August 11, 2013
A Traveller’s Tale
There are always stories to tell after travel adventures. I did not go looking for volunteers and volunteering on my recent OE, but the following tale was overheard during a long day on the bus. It was related by a big man with a big voice. We all got to hear what he had to say.
I retired about five years ago. Best thing I ever did. I’ve got my hobbies and I go travelling pretty much every year. I don’t miss the grind of work a jot. Some people say I should be doing some volunteering: no way! I’m not going in to do drudge work to help an organisation save a bit of money. If I am going to volunteer I want to make sure it’s for a mission I believe in and want to help.
Right on, I said to myself. That’s the way most people are getting involved in volunteering these days. After all, volunteering is always about giving time freely and willingly, right?
Hmmm…. Free Will is something philosophers have been debating for centuries. Does free choice really exist alongside all the ‘shoulds’ and ‘oughts’ learned during our childhood and reinforced throughout a lifetime?
For quite a while now it has been clear that the free will of volunteering can be generated by self-interest. I want some work experience, some credits for my study courses, to get out of the house and enjoy some company, to help me learn about my new community, or to practice speaking English. About the only real freedom is in engaging with an organisation of my own choosing. Even those sentenced to Community Service (mandatory volunteering) are able to select where they will work out their time.
The ethics of Duty, Obligation and Civic Responsibility do not feature in our language so much these days. A recent research publication records the decline over the past two hundred years in the use of words linked to duty and obligation, while words linked to individualism and materialism have increased. This shift in our mind-sets, says the psychologist researcher, reflects the socio-cultural changes effected by urbanisation, universal education and technology. It’s also worth noting how volunteering has become more formalised and structured – and the emergence of professional standards for management practice.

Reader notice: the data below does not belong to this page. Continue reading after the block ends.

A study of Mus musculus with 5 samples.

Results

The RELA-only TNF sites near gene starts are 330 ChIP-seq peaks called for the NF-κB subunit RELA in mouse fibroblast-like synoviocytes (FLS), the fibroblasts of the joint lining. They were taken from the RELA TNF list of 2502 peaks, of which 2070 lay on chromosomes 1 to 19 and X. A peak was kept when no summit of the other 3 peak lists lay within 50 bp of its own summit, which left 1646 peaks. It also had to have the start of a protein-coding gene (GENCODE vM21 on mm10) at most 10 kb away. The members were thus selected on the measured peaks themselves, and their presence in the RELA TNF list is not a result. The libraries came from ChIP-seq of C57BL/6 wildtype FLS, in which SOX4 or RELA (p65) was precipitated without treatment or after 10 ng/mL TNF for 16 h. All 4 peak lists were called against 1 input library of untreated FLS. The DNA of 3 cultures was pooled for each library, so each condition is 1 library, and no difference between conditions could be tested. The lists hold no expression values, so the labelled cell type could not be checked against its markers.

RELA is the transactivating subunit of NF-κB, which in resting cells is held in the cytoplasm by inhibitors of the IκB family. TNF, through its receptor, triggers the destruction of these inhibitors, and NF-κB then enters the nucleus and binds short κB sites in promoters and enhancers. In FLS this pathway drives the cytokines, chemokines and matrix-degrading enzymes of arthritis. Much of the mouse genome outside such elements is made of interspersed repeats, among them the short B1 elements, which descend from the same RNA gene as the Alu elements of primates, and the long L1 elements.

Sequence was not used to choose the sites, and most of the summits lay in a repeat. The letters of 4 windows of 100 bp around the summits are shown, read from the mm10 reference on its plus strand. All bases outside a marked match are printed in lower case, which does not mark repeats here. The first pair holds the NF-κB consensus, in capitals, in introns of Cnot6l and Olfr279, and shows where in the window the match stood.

When motivation is a matter of self-interest Free Will can still get exercised in selecting an organisation for volunteer effort – though self-interest carries a responsibility to ensure our expectations match the organisation goals and the available volunteer roles. I would hope recruitment and orientation procedures would help ensure an appropriate match between organisation and aspiring volunteer. And if the organisation and the volunteer programme offer the best possible experience then further volunteering is encouraged.
So let us not get precious about definitions and the different paths that bring people to volunteering. Language changes, and the way we think and behave and relate to our environment and in our communities will continue to change over time.